1. Stress and anxiety are the biggest threat to your Zone.

2. Combat Breathing is when you breathe deeply and controlled to calm anxiety and stress. You can do it anytime you feel that you are out of your Zone.

3. This is so effective because the centres of your brain that control breathing are closely linked to the area that controls stress. If you can calm the electrical activity in the breathing centre, then you can control your stress levels.

Now that you have a sense of what your Zone is, you need to learn how to return to your ideal performance state when the going gets tough. When tension creeps into your relaxed, high-energy, high-output state, your effort increases but your performance drops. Stress and anxiety are the biggest threat to your Zone. 

Remember figure skater Joannie Rochette at the 2010 Vancouver Olympics? She used relaxation breathing while standing by the boards with her coach to get back into the Zone when her emotions about her mother’s death arose as she was about to start her program. As a result, she went out and won the Bronze medal.

Breathing is so effective because the centres of your brain that control breathing are closely linked to the area that controls stress. If you can calm the electrical activity in the breathing centre, then you have a good chance of calming the stress. That’s why yoga and meditation work.

Deep, controlled breathing to calm anxiety or stress is often called Combat Breathing. You can do it anytime you feel that you are out of your Zone.


Here’s how:

1) Get into good posture by aligning your spine and stretching yourself upward. You can be lying down, sitting in a chair or standing. Then relax your muscles.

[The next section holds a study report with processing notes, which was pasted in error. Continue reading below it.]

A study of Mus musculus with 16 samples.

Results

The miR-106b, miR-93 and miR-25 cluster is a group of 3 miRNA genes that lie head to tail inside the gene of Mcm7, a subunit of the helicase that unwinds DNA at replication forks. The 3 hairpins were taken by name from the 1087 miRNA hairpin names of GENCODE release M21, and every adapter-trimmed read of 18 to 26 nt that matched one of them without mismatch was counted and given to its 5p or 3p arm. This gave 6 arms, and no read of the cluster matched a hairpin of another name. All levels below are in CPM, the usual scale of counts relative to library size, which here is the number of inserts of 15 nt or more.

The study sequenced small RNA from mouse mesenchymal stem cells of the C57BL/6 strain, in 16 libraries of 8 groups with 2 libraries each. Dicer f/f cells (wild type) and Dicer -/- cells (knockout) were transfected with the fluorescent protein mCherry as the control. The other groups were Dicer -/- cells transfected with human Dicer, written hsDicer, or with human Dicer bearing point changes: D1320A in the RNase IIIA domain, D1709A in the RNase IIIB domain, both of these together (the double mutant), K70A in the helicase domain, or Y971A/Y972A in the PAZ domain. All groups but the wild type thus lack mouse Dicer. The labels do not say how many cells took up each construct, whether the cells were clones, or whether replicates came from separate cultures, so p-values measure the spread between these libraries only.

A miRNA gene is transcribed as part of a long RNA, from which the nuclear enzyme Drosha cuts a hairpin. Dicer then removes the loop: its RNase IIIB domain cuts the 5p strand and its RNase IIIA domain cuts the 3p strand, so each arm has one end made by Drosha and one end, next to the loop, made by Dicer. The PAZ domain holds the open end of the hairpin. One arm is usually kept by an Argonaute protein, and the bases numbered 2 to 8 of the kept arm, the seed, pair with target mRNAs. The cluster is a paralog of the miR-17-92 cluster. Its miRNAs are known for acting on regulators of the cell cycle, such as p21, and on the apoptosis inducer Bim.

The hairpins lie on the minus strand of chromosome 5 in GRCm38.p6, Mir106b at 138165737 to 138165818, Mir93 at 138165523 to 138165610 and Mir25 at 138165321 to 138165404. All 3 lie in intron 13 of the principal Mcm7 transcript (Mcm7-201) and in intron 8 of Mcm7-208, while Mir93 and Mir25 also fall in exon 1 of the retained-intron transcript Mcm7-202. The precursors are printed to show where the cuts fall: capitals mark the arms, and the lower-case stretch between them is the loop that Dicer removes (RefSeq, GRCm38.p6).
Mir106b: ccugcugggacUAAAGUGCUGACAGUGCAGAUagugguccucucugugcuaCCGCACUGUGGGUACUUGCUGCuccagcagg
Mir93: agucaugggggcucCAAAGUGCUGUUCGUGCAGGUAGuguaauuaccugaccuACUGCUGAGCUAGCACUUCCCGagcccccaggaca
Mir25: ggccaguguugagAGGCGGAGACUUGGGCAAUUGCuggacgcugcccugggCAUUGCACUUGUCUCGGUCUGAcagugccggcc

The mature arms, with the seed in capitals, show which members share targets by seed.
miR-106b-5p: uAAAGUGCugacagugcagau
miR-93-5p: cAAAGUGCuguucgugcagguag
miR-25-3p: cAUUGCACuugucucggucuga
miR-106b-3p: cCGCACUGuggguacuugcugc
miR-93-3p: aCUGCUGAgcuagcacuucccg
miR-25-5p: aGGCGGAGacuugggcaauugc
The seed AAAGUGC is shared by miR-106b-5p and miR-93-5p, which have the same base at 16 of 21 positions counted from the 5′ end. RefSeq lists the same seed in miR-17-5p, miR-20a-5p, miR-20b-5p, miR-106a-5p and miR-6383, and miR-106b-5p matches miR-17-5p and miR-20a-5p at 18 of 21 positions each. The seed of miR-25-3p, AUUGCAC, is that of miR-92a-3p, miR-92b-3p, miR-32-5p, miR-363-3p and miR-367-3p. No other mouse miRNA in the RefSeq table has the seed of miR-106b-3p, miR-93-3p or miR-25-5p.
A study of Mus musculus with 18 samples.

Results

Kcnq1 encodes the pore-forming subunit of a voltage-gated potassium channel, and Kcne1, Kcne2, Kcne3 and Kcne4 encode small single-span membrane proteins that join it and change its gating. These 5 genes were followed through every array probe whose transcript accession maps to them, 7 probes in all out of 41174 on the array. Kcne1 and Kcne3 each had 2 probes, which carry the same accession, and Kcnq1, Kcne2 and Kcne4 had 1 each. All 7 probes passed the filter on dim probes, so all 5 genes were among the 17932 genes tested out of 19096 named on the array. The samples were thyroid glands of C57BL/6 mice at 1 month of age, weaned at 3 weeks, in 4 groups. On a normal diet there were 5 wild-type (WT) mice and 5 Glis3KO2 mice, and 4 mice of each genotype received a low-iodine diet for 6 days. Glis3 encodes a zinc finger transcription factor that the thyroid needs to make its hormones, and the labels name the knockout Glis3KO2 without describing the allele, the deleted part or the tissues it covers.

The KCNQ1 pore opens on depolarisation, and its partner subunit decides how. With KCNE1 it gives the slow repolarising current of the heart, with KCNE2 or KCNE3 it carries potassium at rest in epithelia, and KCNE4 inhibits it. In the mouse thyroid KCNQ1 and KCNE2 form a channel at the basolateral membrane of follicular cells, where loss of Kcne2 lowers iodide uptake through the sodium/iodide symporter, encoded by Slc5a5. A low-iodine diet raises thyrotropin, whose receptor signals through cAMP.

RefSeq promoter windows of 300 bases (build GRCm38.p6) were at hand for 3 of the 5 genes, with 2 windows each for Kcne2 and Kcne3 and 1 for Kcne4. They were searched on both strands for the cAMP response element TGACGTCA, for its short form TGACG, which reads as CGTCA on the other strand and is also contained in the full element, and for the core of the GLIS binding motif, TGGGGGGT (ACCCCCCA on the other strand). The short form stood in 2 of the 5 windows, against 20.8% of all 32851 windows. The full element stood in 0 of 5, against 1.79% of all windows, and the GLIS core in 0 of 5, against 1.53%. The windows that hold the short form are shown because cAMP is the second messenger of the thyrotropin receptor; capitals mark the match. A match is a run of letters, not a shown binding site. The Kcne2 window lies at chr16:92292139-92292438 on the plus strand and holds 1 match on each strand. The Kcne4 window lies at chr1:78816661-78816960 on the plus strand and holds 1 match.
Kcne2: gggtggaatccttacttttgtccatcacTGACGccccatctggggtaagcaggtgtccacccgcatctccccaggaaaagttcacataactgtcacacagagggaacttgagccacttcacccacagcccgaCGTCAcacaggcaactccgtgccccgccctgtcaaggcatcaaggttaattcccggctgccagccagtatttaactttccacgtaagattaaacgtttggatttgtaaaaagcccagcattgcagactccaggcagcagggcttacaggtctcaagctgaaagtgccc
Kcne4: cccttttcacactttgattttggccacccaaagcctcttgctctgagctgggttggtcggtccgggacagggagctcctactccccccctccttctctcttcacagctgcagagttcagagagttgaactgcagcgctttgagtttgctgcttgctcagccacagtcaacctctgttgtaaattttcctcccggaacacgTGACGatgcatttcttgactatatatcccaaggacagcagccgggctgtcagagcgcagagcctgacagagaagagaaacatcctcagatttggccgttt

2) Do a scan for tension in your body and then focus on that area while you take a slow deep breath. Think about “letting go” of the tension as you exhale. (It might take a few breaths to get an area like your shoulders or forehead to release and relax.)

3) When you feel you have addressed the tense areas, start taking controlled breaths. (I usually take 4 seconds to inhale, hold it for 2 seconds and then exhale for 6 seconds.) If you are trying to relax, exhale longer than you inhale. If you are trying to psyche up or increase your energy, inhale longer and exhale quickly.

The key is to realize you are stressed and take slow deep breaths, no matter what you are trying to get in the Zone for: a transition after the end of a tough shift, first day after a job change, a performance, a meeting, an exam or just getting in the right head space to arrive home to your kids.

Today's Power Up: Relaxation Breathing

1. PRACTICE RELAXATION BREATHING WHEN STRESS OR TENSION PREVENT YOU FROM BEING IN YOUR ZONE.

2. TAKE A MOMENT TO PRACTICE RELAXATION BREATHING AT LEAST ONCE PER DAY, IDEALLY DURING A MOMENT WHEN YOU'RE FEELING TENSE OR STRESSED. I LIKE PRACTICING THIS IN THE CAR WHEN I'M DRIVING TO AND FROM WORK. IF YOU PRACTICE IT ENOUGH, THE RELAXATION RESPONSE WILL BECOME ALMOST AUTOMATIC WHENEVER YOU'RE FEELING ANXIOUS.

 

The information and advice provided in this program is intended to assist Sky Regional employees with improving their general health. It is not intended and should not be used in place of advice from your own physician or for treatment or diagnosis of any specific health issue. Sky Regional is not responsible for the content of this program which has been specially developed and is being provided to you by the Wells Group Inc., in consultation with Sky Regional. By participating in this program you acknowledge that undertaking any new health, diet and/or exercise regime involves certain inherent risks, that you assume such risks, and that you release Sky Regional and the Wells Group Inc. from any responsibility or claim relating to such participation.